Hello and thank you for your question. I will be very pleased to assist you. I'm a practicing lawyer in England with over 10 years experience.
May I confirm that in your lease you have a right to park in the spaces (albeit not individually allocated) where they are placing rubbish please?
To your knowledge is your landlord the same landlord for the shop in question?
Hello. I trust you can see my above posts?
They are placing the rubbish in a large bin, which is now in the parking space as they have built a shed for storage where the rubbish should go. Their landlord is different to ours, it is a St Peter's Hospice shop and the guy who is the freeholder is on the board of St Peters Hospice. It's sounds awful as it's a charity, but they are also a business and making our lives very difficult. The woman in the shop is awful, she just shouts at anyone who challenges them about it!
Sorry, yes, the flat comes with a parking space
I can send a picture if there is anyway to do that?
Thanks. That's fine. May I clarify have they built a shed on part of the area that you have a right to park on or is that in another area?
The shed is built on their 'land'. It's the charity collection bin, like you see in supermarkets, and all the other gubbins that is in the space.
Thanks. Finally have you discussed the issue with other flat owners? If so are they keen to take action as well if possible?
I don't think anyone wants to take legal action, we can't afford that, it is just what can we do legally to get them to move it? Can we get it moved ourselves? We are all happy to get this sorted out.
We have an ongoing issue with other people just parking there, so are looking at getting in parking enforcement to cover the area, and also get the spaces marked out.
Thanks. If you have a right to park in any part of the area that they are using to store goods or detritus etc then you can serve on the charity concerned a notice setting out that you have a right to park in the area [detailing extent of area on plan if possible] and requiring that the cease and desist storing any items on that land within 5 days and remove existing items within the same time frame failing which you reserve your right to 1) seek an injunction and costs in relation to their activities 2) seek damages for loss of amenity in relation to your property 3) report the matter as a statutory nuisance to the local authority; you can ask that they provide you with an undertaking to do as above within say 5 days failing which you make take the above actions without further reference to them
You can apply for an injunction to require them to cease and desist using form N16A
You can report the matter to the local authority's environmental department as a statutory nuisance and they may be willing to investigate and serve an abatement notice if they find they are causing a nuisance.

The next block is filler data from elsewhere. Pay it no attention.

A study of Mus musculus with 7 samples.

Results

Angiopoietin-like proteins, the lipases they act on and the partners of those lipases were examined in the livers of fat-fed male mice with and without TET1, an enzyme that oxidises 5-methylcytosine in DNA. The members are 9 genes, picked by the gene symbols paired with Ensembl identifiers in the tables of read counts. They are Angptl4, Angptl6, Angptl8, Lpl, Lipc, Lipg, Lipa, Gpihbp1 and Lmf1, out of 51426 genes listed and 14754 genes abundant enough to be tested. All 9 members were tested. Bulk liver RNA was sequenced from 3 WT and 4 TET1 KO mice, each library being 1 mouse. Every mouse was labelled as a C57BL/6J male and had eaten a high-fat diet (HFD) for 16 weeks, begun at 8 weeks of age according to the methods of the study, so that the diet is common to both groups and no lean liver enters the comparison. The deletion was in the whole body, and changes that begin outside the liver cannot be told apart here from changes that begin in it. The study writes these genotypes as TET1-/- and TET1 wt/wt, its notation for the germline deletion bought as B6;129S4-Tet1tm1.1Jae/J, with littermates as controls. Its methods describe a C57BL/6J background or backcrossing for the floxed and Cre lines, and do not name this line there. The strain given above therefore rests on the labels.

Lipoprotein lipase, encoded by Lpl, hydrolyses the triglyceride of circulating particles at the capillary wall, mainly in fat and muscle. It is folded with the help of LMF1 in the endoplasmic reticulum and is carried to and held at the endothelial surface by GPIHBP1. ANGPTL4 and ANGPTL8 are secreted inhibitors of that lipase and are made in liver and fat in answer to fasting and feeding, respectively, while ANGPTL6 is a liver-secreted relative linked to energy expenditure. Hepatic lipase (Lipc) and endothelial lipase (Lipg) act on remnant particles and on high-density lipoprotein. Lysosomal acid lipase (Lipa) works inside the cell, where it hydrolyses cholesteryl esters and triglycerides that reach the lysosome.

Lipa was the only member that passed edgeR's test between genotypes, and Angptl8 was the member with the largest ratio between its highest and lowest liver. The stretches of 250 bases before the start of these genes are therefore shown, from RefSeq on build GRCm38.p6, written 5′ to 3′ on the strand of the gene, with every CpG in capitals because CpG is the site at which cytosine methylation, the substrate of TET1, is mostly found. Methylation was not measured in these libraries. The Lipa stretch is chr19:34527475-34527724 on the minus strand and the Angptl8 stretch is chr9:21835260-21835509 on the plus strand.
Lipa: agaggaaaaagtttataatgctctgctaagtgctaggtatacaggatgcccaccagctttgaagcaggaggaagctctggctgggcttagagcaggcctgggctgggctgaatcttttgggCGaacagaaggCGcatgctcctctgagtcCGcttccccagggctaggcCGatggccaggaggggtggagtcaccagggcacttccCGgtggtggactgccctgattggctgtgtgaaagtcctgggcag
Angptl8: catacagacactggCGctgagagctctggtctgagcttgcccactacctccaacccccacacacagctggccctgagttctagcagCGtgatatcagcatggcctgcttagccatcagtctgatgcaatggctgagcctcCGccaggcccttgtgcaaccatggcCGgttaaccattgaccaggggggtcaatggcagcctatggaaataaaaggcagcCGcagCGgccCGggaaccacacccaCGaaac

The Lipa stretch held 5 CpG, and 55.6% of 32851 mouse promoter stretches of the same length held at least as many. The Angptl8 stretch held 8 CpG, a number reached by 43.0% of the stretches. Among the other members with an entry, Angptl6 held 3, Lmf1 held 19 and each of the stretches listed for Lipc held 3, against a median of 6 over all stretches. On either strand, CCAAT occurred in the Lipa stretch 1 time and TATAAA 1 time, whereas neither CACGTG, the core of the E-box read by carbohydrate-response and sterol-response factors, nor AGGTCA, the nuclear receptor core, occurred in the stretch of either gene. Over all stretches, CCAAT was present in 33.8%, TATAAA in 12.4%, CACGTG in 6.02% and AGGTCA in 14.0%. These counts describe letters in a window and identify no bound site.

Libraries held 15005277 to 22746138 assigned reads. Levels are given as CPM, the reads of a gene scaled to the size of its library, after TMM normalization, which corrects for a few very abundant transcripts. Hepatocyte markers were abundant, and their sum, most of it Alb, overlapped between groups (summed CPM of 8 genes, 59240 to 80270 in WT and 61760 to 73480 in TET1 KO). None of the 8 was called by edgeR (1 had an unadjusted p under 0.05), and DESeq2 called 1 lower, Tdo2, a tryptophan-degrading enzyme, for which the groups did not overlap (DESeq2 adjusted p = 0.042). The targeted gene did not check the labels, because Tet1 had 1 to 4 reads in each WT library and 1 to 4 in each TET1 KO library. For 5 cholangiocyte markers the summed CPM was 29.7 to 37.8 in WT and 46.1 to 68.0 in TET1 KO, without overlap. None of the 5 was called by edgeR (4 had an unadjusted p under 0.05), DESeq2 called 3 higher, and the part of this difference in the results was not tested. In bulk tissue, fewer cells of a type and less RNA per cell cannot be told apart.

In addition you can seek damages for loss of amenity
You will need ideally photographic evidence together with dates and times you took the pictures by way of evidence of their actions particularly if seeking an injunction.
Is there anything above I can clarify for you?
Wow, that all sounds very serious, thanks for your help! Also, while you are here : ) are we, the people who have the parking spaces, in our rights to enforce clamping etc, or get someone else to do it on our part?
Unfortunately not is you only have a right to park there. If you had an "exclusive right" or the land was actually demised to you in your lease you could operate a ticketing operation (private clamping has now been outlawed). Otherwise it would be for the landlord to enforce this.
Is there anything else I can help you with?
Does the above answer all your questions or is there anything I can clarify or help with any further?
Sorry I am at work so get interrupted! The injunction etc, will that cost use anything to register or can we just fill in the form and give it to them?
So could our landlord appoint someone to monitor the parking?
No problem.. An injunction does incur an application fee of £155 and if the other party were to defend the application (though I cannot see what defence they could raise providing you have evidence of the obstruction) there could be further legal costs if you needed representation. However costs can be claimed against the other party if successful.
Your landlord could. There are many self issue schemes about that could be considered
Ok, that's good to know. If we go through with the injunction and they ignore it, just it then just start getting expensive and going to court etc?
For example: http://issueparkingcharges.co.uk/
They cannot ignore a court injunction. Custody can result in ignoring an injunction so it is not an option.
fantastic, thanks so much for your help, will definitely use this again!
A pleasure. Good luck with resolving the matter. If you have no further questions for now I should be very grateful if you would kindly take a moment to rate my service to you today. Your feedback is important to me. If there is anything else I can help with though please reply back to me though.
Nope that is all for today, I'm off to upset all the people who park in our spaces, the joy of leasehold!